Silverleaf Lupine

There are over 80 species of lupines (Lupinus) in California. Although it is not an infallible tool for identification, lupines in sagebrush and alpine areas where water is scarce are often dramatically silvered in soft, downy hairs, a environmental response for conserving water. The satiny sheen reflects some of the sun’s radiant energy while preventing evaporation from the leaf surfaces.

Silverleaf lupine (L obtusilobus) is a perennial growing in gravelly, open places up to 11,400 feet.  It is native to and found in Northern California and far western Nevada.

The leaves of silverleaf lupine are palmate with 6 or 7 leaflets. The leaves, as well as the stem, which grows from a woody base, are covered in silky, silvery hairs pressed against the surface. A pair of stipules (leaflike structures) occur at the base of the leaf petioles (stalks). There is a joint-like swelling (pulvinus) at the base of the petiole which allows the leaves to open or close in response to changes in intracellular water content.

The silverleaf lupine inflorescence is a raceme – unbranched and pedicelled (stalked) flowers arranged along a central axis with the oldest blooms at the base and newer blooms near the top. As a member of the Pea Family (Fabaceae), silverleaf lupine has “pea-like” flowers. There are five petals, an upright petal known as the banner, two side petals called wings with the two remaining petals fused at the lower edge into a keel shape. The blue to lilac flowers have 5 sepals. The 10 stamens are hidden in the keel. Nine of the stamens are fused into a tube while 1 stamen is free. The superior ovary is inside the tube created by the fused stamens. There is a white or pale yellow spot on the banner. The back of the banner petal is hairy as is the upper edge of the keel.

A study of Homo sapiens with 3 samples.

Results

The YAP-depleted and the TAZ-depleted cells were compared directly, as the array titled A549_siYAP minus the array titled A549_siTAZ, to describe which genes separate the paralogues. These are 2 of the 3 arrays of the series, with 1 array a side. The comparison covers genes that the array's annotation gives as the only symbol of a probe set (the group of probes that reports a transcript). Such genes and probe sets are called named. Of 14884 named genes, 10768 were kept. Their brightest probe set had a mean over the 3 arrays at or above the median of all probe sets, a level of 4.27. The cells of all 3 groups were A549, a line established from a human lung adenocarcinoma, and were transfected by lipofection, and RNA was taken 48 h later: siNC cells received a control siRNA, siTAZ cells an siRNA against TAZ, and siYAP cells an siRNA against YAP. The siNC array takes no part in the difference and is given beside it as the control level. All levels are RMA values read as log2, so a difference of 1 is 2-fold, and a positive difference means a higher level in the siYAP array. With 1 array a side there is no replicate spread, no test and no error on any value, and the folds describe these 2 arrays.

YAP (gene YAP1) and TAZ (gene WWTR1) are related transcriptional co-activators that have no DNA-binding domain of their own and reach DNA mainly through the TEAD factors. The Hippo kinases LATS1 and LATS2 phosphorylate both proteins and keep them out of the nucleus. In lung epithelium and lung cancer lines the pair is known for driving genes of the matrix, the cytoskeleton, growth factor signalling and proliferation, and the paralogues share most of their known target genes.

Like all legumes (members of the Pea Family), silverleaf lupine fruits are pods covered with silky hairs that split along 2 seams to reveal several seeds.

Other folk names for L obtusilobus are satin lupine, Shasta lupine and bluntlobe lupine. A synonym for this species is Lupinus ornatus var obtusilobus.

The genus name, Lupinus, derives from the Latin word for wolf. There seems to be as many ideas about the derivation of this genus designation as there are Lupinus species. I mention several of these suggestions in previous posts on lupines. I found another explanation recently: lupines were thought to rob the soil of nutrients in the same manner that a wolf would rob a farmer’s chickens. Not true! Since lupines are legumes they have nitrogen fixing bacteria on their roots and actually enrich the soil. Obtusilobus, the species, means blunted.

These silverleaf lupines were growing in August along the Summit Lake Trail in Lassen Volcanic National Park (California).


  1. tonytomeo says:

    80 specie does not seem like too many, although it is more than I have ever seen. There are quite a few just in our region. I believe that sky lupine and arroyo lupine are native, but I a not certain. They are commonly planted as a native. Some are rather tomentose, but none are like this specie. It might have been planted at the rest stops on Highway 5 in that region, sort of like the arroyo lupine that gets planted here.

  2. Joy Montgomery says:

    It might be good to include a comment about whether a plant is edible or not. My son decided to try a wild sweet pea and learned the hard way that it’s a neurotoxin.